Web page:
Gastronomy in the Noroeste region is blessed by its location on the Iberian Peninsula. It is an irrigated land, given its position in the Vega del Segura. The gastronomy is part of its traditional culture. Its food is based on its native products and its climate, being integrated into holiday celebrations.
Its orchards are close to the Moratalla, Quipar, and Argos rivers, and the area is also a fruit and cereal producer. Its indigenous flavour is influenced by Castilla-La Mancha, due to its border links.
One of the basic ingredients for its recipes is wheat flour. The flour’s history dates back to Arab culture, which introduced it to the region thanks to the characteristics of the land. The flour is used to prepare white bread and also “gachasmigas”, a traditionally humble but extremely tasty meal. “Gachasmigas” are prepared differently in each municipality of the province.
In the case of the Noroeste region, in the municipality of Calasparra, “gachasmigas” are known as “Jarullo” and are distinguished by the fact that they contain fennel and “collejas”.
In addition, “migas ruleras” is a traditional dish that has been passed down from generation to generation.
The cultivation of rice in the Iberian peninsula has its origin in the times of the Muslim conquest. The municipality of Calasparra, given its privileged situation, was used for rice cultivation from the 17th century, although some historians maintain that rice cultivation began in the 15th century with the repopulation programs of the Christian kings.
In Spain, there are only three types of rice with Denomination of Origin: Delta del Ebro, Valencia, and Calasparra, the latter recognized in 1986. The Calasparra Denomination of Origin is regulated by the Regulatory Council of the D.O.P. "CALASPARRA" and includes the municipalities of Calasparra and Moratalla in Murcia and Hellin in Albacete.
The cultivated rice varieties are "Bomba" and "Balilla × Sollana", which, although they require a longer cooking time, are ideal for cooking because the grain is more impregnated with flavours.
Gastronomy in the Noroeste region recognizes rice as a traditional, favourite, and indigenous dish. In particular with rabbit and snails, a typical dish in the Noroeste region of Murcia, and always present at its festivities.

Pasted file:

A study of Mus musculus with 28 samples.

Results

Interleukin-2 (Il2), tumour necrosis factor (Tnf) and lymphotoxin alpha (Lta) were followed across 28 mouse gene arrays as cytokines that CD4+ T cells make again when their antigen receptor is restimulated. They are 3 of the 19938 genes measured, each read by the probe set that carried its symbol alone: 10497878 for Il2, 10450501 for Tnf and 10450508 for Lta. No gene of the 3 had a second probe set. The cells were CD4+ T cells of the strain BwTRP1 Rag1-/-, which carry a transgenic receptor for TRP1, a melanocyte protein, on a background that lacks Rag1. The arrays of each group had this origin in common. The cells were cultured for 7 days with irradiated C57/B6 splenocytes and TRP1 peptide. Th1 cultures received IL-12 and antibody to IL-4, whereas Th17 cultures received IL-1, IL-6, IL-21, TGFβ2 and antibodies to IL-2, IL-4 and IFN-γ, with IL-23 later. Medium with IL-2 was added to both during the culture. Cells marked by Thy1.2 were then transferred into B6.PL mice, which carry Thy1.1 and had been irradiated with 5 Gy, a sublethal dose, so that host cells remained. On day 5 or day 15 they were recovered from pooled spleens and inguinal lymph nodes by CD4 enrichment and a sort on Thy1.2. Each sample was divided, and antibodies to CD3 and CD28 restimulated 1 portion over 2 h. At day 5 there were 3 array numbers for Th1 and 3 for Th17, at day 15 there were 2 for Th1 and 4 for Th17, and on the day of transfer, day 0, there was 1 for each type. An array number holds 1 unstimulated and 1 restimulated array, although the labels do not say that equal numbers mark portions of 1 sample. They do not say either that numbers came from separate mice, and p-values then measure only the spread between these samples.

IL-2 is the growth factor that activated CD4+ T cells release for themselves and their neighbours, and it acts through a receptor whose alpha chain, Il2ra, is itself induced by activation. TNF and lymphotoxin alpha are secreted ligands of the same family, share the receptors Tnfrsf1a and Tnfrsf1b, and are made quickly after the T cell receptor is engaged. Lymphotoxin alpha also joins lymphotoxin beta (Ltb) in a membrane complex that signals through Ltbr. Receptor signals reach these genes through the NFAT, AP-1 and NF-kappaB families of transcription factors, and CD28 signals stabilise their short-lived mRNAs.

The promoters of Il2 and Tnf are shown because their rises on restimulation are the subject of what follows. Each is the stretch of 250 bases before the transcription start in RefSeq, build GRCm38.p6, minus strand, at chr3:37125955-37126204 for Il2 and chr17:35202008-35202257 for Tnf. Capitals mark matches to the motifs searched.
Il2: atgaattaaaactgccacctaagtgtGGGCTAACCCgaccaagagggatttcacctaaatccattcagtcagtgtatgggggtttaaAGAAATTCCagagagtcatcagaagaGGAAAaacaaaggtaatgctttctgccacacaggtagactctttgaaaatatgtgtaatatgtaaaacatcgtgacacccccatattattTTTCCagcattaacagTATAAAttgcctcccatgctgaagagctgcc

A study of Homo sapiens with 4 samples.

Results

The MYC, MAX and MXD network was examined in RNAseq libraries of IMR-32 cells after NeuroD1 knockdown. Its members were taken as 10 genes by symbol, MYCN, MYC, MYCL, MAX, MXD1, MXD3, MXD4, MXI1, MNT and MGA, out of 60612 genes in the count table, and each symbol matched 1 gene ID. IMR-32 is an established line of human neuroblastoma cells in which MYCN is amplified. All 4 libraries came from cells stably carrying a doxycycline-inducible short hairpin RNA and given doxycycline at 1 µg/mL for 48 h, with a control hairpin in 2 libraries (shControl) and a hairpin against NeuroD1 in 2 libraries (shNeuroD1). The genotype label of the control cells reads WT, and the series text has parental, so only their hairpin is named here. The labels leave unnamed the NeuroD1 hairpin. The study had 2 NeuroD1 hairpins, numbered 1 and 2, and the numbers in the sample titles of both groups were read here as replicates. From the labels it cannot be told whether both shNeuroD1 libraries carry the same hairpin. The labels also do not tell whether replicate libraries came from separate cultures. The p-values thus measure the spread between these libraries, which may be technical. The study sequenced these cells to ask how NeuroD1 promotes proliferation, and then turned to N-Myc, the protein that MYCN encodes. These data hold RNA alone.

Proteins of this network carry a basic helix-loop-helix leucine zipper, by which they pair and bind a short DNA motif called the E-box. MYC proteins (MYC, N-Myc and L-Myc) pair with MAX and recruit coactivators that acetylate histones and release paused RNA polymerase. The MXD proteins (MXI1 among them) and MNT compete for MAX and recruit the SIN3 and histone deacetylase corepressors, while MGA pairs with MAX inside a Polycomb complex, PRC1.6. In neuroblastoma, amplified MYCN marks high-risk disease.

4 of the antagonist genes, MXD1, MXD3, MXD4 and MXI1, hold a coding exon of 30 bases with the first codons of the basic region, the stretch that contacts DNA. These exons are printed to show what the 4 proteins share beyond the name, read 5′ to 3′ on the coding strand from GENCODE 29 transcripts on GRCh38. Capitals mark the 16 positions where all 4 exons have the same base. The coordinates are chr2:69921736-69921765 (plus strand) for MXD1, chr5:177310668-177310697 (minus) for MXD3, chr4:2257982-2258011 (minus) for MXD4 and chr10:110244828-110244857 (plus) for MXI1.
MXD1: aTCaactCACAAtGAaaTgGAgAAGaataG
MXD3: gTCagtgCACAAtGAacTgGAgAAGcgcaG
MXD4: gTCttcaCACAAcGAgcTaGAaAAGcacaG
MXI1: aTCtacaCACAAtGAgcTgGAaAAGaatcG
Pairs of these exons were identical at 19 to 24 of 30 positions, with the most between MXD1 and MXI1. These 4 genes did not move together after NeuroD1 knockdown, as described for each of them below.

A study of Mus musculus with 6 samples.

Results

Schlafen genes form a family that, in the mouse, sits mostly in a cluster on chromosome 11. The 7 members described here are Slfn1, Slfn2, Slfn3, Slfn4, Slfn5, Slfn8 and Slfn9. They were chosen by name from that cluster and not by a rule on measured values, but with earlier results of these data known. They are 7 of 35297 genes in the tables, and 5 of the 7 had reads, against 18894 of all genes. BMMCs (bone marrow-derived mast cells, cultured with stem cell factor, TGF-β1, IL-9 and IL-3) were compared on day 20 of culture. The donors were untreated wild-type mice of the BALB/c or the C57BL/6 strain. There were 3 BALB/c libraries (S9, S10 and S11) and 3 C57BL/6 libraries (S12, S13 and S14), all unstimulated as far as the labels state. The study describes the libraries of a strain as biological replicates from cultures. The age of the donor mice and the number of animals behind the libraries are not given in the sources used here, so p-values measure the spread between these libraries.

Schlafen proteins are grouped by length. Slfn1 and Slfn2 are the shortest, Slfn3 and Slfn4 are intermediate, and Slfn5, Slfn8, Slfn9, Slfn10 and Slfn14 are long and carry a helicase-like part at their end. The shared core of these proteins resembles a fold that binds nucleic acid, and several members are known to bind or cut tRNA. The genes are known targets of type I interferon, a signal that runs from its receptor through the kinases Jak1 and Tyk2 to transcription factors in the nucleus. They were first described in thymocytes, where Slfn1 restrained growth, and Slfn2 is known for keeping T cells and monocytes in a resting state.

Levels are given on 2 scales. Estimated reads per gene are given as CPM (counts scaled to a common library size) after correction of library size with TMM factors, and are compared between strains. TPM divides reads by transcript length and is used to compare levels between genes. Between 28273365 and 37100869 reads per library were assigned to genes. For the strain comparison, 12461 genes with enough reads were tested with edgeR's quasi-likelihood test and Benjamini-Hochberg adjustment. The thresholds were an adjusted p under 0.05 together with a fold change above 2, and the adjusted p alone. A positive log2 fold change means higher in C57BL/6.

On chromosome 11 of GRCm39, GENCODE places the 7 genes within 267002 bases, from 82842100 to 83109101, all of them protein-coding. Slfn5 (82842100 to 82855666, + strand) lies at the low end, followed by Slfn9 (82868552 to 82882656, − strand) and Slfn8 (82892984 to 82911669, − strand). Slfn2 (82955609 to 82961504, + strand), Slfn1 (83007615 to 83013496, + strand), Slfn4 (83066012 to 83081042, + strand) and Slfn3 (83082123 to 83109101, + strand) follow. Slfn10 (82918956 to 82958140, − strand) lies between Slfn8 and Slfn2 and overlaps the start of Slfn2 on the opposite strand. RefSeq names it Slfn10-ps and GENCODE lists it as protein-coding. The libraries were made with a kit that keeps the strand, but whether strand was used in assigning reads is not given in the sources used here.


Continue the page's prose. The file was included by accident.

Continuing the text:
This is not surprising, as written and oral histories indicate that, given the large number of rabbits, the Romans gave Spain the name of "The Island of Rabbits"—hence, the presence of rabbits in the gastronomy of the Noroeste region.
“Andrajos” is a stew whose base is rabbit broth, onion, tomato, and pepper sauce, to which are added strips of flour that end in the shape of fabrics (hence its name).
Other recipes pay tribute to the predilection for rice, especially in Calasparra: rice with beans, rice with chickpeas, tripe and lamb hooves, and even mashed rice.
Regarding the food served at festivities and celebrations, we must remember the slaughter of the pig, from which different sausages and other foods are made that will be dried out and consumed during winter and the Christmas holidays.
The typical sweet consumed during Christmas is “Toñas”, which is an exquisite native sweet. In Carnival, “Fritillas” are made—a kind of fried cake with a hole in the centre.
In the gastronomy of the Noroeste region during Easter, fish cannot be missed. A typical dish is “Potaje de Vigilia”, which consists of cod meatballs. Sweets include “Fried Flowers” and the “Panecicos de Gloria”.
There is a long tradition of “Caldera”, prepared with bull meat. It is one of the oldest recipes, prepared in the 18th century with beef, vegetables, and collards. Its recipes have been obtained in subsequent years, enriched with aubergines, ham, and pumpkin.
As a refreshing drink for the summer, “Cuerva”, a kind of “sangria” that is prepared with wine, lemon, peach, and sugar, cannot be left out.
The cuisine is simple, with indigenous products grown by families and prepared with great imagination. Throughout history, these products have shaped gastronomy in the Noroeste region that is enjoyed today.